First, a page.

By Brian Mansfield, Special for USA TODAY

10/09/2001 - Updated 08:35 AM ET

Like most of us, Aaron Tippin found himself helplessly watching TV in the days after Sept. 11. On Sept. 13, he saw a shot of the Statue of Liberty with the smoking Manhattan skyline in the background that reminded him of a song he had written, Where the Stars and Stripes and the Eagle Fly. Within two days, the country singer — who had his first hit, You've Got to Stand for Something, during the Gulf War 10 years earlier — was in a Nashville studio recording the song. Last week, Stars and Stripes was the song added to the most country-radio playlists.

Country singer will give single's proceeds to the American Red Cross

Tippin, 43, says he had written the song with Kenny Beard and Casey Beathard more than two years ago, but it didn't make the cut for his last album. "I didn't know why it didn't make the album," Tippin says. "But now, I know exactly why it didn't. It had a bigger purpose."

Tippin and Lyric Street Records plan to donate the proceeds from the single's sale to the American Red Cross. It shipped 100,000 copies last week.

Nearly a month after the attacks, some country stations are playing The Star-Spangled Banner three times a day. "If we put it in there," says Radio & Records country editor Lon Helton, "Faith Hill's Star-Spangled Banner would be in the top 30 of our chart. I had a programmer tell me the other day, 'If you know any other artists, tell them to go in and cut it — we need more versions.' "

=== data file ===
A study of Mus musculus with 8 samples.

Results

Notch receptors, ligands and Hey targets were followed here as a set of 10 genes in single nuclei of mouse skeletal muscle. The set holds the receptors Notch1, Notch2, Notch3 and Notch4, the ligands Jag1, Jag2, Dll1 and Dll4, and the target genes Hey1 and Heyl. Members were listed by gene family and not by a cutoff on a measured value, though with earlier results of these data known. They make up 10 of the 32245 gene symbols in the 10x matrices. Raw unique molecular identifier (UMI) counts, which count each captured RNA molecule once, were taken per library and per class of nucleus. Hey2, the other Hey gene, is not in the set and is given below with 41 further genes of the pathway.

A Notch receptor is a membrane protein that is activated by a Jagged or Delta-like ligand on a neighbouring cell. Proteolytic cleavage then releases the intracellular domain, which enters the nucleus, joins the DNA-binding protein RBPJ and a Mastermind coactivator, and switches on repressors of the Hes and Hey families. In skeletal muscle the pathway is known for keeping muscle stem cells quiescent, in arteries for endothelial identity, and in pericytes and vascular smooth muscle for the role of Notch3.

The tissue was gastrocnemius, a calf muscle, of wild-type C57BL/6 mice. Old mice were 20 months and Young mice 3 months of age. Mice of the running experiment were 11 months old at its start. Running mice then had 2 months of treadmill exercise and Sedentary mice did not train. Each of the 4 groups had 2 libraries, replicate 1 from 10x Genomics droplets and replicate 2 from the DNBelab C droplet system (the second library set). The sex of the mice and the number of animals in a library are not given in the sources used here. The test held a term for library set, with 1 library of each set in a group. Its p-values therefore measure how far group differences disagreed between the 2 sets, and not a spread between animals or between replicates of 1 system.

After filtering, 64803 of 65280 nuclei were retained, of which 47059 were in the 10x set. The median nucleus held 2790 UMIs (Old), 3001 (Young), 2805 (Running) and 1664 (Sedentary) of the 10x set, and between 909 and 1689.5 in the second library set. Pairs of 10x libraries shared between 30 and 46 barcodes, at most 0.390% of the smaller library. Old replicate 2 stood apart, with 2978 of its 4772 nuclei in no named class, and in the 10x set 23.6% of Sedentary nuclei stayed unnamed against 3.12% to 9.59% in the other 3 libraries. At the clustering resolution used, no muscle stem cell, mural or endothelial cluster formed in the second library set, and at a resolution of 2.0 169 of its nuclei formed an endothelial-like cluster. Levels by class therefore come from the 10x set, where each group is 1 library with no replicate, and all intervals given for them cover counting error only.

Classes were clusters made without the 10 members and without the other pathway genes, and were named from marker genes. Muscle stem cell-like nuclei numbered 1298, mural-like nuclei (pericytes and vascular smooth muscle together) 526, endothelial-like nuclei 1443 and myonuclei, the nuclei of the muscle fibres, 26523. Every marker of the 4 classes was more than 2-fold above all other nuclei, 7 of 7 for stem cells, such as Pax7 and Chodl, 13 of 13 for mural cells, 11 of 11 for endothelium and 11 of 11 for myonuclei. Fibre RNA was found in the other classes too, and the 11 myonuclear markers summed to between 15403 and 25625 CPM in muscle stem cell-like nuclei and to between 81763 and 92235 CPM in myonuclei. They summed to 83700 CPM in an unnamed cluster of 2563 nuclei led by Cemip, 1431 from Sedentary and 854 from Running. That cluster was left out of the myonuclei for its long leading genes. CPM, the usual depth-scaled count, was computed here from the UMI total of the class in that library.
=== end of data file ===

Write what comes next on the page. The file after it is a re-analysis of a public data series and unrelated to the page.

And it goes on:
The Dixie Chicks have done just that, posting the song on their Web site.

"People are writing songs, and artists are looking for songs that say something, that address the feelings of the nation," says Woody Bomar, a senior vice president at Sony ATV Music in Nashville.

"In the week that followed, we must have had 50 or 60 (such) songs come in," says RCA Label Group chairman Joe Galante. He says none of RCA's artists recorded any of that material. "We would have been playing on the moment, and it wouldn't have felt right."

That's less of a problem for artists such as Tippin, who are expected to comment in times of national crisis. "That's germane to who (Tippin) is," says Lyric Street Records president Randy Goodman. "If there's anybody who's going to say it, Aaron should say it."

Stars and Stripes already has become an emotional high point in Tippin's shows.

At a recent show in Georgia, Tippin recalls seeing "a big ol' burly guy, sitting right down in the front row. You could tell he'd slap your teeth out of your head if you looked at him crossways. I start to play this song, I get into the first verse, I look down and that big gopher's crying. I have to look somewhere else, because I start getting choked up."

© Copyright 2003 USA TODAY, a division of Gannett Co. Inc.